The Foodocracy is proud to announce the winners of the first ever Farm Fund Grants. Thanks to your generous donations, Foodocracy is able to fund micro grants to three small, family owned farms this year. More than 15 small farms from across the nation submitted applications for our first ever Farm Fund Grants and we wish we could have funded each and every one of them. These farms provide access to fresh, healthy food for their local communities, contribute to soil health, and expand our biodiversity. Each application was evaluated by are esteemed advisory board based on need and impact. This is just the beginning for the Farm Fund. With your support we hope to expand these vital grants next year.
Foodocracy created the Farm Fund to provide direct relief to small, family-owned farms prioritizing Women and BIPOC farmers. Small farms make up up just 8 percent of agricultural land and that number is shrinking rapidly as multimillion dollar industrialized farms swallows up more and more of America’s farmland. This ever encroaching corporate farming is subsidized by farm grants which largely go to industrial farms owned by white men.
Only 37% of black applicants receive grants from the USDA.
Small farms, particularly those owned by women and people of color are left behind. Now more than ever they need our help. Rising costs, labor shortages and monopolistic practices from corporate farms are squeezing them to the breaking point.
Ten Forty Six Farms is a black woman owned farm in Fort Bend County, Texas, an area with less than 3% black farms let alone black woman owned farms. Ayanna Hill has faced an uphill battle, her tractor was stollen this summer, and she has faced marginalization and discrimination from the local white, male farm community. Ten Forty Six provides their local community with access to healthy food, education and job opportunities.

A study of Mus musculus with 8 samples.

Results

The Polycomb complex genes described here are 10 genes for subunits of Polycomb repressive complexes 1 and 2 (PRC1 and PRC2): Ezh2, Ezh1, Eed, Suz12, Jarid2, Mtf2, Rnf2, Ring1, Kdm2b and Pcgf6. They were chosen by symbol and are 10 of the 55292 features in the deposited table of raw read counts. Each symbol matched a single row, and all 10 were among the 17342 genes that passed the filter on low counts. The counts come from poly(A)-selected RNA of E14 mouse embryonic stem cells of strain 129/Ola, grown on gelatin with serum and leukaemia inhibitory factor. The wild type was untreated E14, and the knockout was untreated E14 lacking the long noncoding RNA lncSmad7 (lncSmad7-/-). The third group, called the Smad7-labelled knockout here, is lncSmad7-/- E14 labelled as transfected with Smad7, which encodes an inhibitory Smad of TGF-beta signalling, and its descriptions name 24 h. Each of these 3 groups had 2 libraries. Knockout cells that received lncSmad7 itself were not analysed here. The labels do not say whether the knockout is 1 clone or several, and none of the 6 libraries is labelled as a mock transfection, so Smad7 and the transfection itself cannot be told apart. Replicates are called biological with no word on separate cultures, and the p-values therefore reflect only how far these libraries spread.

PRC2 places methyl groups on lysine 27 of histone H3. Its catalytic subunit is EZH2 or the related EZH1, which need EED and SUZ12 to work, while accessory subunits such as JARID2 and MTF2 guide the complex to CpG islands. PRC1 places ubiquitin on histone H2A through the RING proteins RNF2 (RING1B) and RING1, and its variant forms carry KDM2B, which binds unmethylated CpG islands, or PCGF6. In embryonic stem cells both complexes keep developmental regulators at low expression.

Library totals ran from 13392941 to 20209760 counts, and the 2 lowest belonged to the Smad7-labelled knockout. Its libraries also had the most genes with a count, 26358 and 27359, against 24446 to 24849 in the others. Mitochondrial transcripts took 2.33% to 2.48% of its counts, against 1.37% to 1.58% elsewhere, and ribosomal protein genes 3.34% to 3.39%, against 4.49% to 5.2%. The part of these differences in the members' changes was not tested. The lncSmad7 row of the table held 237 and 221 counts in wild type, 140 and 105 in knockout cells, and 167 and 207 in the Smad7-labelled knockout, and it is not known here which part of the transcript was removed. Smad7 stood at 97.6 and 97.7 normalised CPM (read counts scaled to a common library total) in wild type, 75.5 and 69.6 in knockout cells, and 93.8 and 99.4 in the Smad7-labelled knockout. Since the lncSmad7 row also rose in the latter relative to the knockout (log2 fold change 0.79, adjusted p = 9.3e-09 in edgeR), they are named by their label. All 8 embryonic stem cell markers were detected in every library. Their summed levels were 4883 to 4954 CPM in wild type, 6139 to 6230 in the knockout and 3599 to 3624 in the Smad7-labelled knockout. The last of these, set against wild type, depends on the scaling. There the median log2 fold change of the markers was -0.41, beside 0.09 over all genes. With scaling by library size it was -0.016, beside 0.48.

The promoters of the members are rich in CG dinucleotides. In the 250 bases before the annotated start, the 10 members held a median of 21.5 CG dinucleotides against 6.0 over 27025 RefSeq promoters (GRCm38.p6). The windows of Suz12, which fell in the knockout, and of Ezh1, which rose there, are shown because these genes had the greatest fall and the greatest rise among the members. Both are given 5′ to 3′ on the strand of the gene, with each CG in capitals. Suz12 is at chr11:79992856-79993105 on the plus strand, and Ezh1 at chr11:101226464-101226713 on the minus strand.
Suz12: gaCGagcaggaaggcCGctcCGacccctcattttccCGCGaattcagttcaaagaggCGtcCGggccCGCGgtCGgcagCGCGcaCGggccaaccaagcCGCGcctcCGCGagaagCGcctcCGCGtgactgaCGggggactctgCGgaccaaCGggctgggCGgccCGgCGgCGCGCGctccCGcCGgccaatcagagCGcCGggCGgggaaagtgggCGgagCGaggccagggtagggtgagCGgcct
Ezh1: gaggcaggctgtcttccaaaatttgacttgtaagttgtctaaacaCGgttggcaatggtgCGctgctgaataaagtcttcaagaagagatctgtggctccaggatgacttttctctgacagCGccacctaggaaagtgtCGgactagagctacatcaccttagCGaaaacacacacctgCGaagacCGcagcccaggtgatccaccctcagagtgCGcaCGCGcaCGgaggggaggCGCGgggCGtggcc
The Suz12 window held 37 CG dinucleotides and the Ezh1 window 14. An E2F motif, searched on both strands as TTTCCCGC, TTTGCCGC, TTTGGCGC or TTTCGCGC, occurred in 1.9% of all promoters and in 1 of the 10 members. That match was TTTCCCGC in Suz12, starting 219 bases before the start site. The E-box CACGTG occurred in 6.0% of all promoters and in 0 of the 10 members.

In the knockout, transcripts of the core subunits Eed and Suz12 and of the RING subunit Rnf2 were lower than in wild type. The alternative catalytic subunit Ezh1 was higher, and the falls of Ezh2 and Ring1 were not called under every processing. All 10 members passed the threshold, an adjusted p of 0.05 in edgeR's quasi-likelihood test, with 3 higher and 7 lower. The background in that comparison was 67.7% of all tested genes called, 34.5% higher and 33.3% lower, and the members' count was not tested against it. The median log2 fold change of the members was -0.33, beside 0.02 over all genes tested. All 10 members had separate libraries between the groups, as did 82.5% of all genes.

“What returns to you is what you pour into it, the driver or motivation is being a food hub, being economic impact, creating jobs and an overall healthy space for the community….providing the good stuff!”Ayanna Hill
CAMPO Collective began as an ownership opportunity for young farmers who face many barriers to land and capital access. This collective of mostly women, minority farmers is a no till, regenerative farm providing fresh healthy food and education to their local community. Margarita, Uriel, Jade and Zeferina have created a biodiverse eco-agricultural system with heirloom fruits and vegetables, native species as traditional plants from Latin America and animals like chickens. A Farm Fund grant will allow CAMPO to plant nutrient dense, staple crops like dry corn and beans providing a complete local grown diet to the families they serve.
Sakari Farms specializes in re-matriation and growing ancestral native seed from around Turtle Island (North America) to provide food, resources, food security and food education to their regional tribal members. They provide free tribal foods to regional tribal reservations, local urban native individuals and other native based organizations. This farm fund grant will allow them to improve composting and irrigation systems so that they can continue to serve their community.